Nissan to cut 10,000 jobs globally
Japanese automaker Nissan plans to cut more than 10,000 jobs to help turn around its business. The company’s profits have fallen to a near-decade low, and its alliance with French automaker Renault has been under strain since the ouster and arrest of former chairman Carlos Ghosn.
Details of the job cuts will be announced along with first quarter earnings results on Thursday. They will be mostly at underused factories in South America, and come on the heels of the 4,800 job cuts announced in May. The current workforce is around 139,000 people.
In May, Nissan forecast a 28 drop in its annual operating profit, after a 45 per cent drop the previous year, and it warned of "a difficult business environment" for the next 12 months.
The company has seen a drop in sales in the United States, where Ghosn had pushed to aggressively grow market share for years, when he was CEO.
Current chief executive Hiroto Saikawa has to address strained relations Renault, which owns 43 per cent of Nissan. Though France has said it is willing to cut its stake in Renault, to improve the relationship.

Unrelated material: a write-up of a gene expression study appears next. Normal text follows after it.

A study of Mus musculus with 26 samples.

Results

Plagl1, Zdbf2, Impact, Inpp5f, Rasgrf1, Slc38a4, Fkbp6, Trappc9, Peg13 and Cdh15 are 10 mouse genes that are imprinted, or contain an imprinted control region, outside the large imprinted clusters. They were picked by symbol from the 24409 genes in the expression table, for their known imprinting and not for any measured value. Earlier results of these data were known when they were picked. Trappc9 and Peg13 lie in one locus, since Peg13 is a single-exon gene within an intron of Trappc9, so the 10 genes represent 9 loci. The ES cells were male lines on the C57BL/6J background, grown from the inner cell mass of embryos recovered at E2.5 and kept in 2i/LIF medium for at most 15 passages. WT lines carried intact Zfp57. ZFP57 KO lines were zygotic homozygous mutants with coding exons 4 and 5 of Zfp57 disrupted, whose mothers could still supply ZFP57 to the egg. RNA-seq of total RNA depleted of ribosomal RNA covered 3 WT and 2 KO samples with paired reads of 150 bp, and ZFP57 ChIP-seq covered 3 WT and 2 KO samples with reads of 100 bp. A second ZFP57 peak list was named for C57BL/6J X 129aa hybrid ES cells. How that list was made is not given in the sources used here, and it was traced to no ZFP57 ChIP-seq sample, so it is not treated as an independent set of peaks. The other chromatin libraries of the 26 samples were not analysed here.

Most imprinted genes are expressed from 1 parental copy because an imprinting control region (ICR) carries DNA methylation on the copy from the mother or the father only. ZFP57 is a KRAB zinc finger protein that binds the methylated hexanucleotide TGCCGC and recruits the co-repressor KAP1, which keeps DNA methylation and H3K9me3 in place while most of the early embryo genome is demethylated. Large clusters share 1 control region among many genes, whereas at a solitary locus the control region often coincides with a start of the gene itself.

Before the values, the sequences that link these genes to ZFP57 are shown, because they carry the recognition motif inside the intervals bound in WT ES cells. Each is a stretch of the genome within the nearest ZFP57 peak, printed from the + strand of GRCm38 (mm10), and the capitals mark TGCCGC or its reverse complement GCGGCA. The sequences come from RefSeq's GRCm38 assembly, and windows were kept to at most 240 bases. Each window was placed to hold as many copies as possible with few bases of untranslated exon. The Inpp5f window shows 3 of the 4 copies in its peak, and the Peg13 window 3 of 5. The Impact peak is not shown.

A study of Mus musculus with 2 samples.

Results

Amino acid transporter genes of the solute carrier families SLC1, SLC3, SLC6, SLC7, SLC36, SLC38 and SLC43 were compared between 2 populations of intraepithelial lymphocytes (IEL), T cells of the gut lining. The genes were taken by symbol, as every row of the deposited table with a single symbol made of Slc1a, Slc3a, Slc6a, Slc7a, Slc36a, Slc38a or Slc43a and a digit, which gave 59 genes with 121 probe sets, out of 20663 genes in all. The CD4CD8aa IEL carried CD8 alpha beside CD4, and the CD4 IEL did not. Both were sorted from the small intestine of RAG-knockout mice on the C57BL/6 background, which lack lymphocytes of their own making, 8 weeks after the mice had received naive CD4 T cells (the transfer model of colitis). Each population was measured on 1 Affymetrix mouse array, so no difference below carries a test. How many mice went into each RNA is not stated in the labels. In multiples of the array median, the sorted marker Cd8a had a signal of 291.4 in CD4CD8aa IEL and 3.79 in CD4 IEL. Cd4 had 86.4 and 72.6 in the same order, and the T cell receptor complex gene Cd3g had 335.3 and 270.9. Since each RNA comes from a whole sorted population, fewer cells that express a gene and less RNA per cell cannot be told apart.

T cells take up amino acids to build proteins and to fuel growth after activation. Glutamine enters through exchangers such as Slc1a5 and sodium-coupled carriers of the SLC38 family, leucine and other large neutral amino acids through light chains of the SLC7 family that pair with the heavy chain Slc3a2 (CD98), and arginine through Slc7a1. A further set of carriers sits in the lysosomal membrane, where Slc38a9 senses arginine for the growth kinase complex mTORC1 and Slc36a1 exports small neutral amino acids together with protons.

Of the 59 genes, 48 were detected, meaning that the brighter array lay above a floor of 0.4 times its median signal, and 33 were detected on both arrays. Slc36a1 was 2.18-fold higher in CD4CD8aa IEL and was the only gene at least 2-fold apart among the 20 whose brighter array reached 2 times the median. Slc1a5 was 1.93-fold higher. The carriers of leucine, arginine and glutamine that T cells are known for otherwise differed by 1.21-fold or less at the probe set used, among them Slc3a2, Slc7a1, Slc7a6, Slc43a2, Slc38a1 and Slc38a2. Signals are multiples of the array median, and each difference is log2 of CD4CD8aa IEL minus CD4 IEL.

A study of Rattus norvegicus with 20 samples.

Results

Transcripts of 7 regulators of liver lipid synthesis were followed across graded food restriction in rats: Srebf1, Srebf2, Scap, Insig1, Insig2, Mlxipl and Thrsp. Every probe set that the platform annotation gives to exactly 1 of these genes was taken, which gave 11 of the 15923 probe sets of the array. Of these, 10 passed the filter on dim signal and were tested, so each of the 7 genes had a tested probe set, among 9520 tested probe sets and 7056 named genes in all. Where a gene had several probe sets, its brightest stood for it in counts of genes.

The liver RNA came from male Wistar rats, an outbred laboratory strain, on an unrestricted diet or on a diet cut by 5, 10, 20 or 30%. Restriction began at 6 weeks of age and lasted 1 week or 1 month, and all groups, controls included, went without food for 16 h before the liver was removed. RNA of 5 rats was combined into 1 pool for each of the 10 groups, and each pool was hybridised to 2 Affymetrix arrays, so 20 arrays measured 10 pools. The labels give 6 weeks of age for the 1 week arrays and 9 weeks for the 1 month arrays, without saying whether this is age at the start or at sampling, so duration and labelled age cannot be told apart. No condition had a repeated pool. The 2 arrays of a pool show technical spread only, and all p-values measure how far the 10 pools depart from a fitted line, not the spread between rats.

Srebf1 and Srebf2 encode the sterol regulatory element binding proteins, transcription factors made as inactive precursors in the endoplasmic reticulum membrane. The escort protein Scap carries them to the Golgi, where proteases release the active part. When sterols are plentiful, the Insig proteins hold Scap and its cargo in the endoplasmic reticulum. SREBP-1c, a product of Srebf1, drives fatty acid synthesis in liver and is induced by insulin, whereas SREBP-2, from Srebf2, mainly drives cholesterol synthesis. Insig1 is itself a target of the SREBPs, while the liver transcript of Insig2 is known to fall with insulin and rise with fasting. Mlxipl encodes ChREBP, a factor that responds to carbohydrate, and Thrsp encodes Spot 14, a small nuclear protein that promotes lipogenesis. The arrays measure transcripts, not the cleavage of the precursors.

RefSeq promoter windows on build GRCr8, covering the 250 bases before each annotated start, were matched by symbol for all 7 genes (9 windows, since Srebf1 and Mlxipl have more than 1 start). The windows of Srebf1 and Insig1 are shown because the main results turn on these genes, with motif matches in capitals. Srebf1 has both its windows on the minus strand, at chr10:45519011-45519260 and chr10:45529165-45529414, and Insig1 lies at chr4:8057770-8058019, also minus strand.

Saikawa kept his job in a vote at an annual shareholders meeting in June, though he had to fight off advisory firms urging shareholders not to reappoint him considering he was groomed for leadership by Ghosn.
Ghosn on the offensive
The former CEO is currently under house arrest in Tokyo, and is reportedly suing Nissan in a Dutch court for "improper termination" of his contract.
Ghosn is accusing the company of breaching his contract as an employee of NMBV, their joint subsidiary based in the Netherlands, and seeking up to 15 million euros in damages.
He is awaiting trial in Japan on charges of financial misconduct, and was held in jail for over 100 days before being granted bail and fired from all his management roles.
Ghosn is accused of under-reporting millions of dollars in income at Nissan and of using company funds for personal expenses. He denies all charges.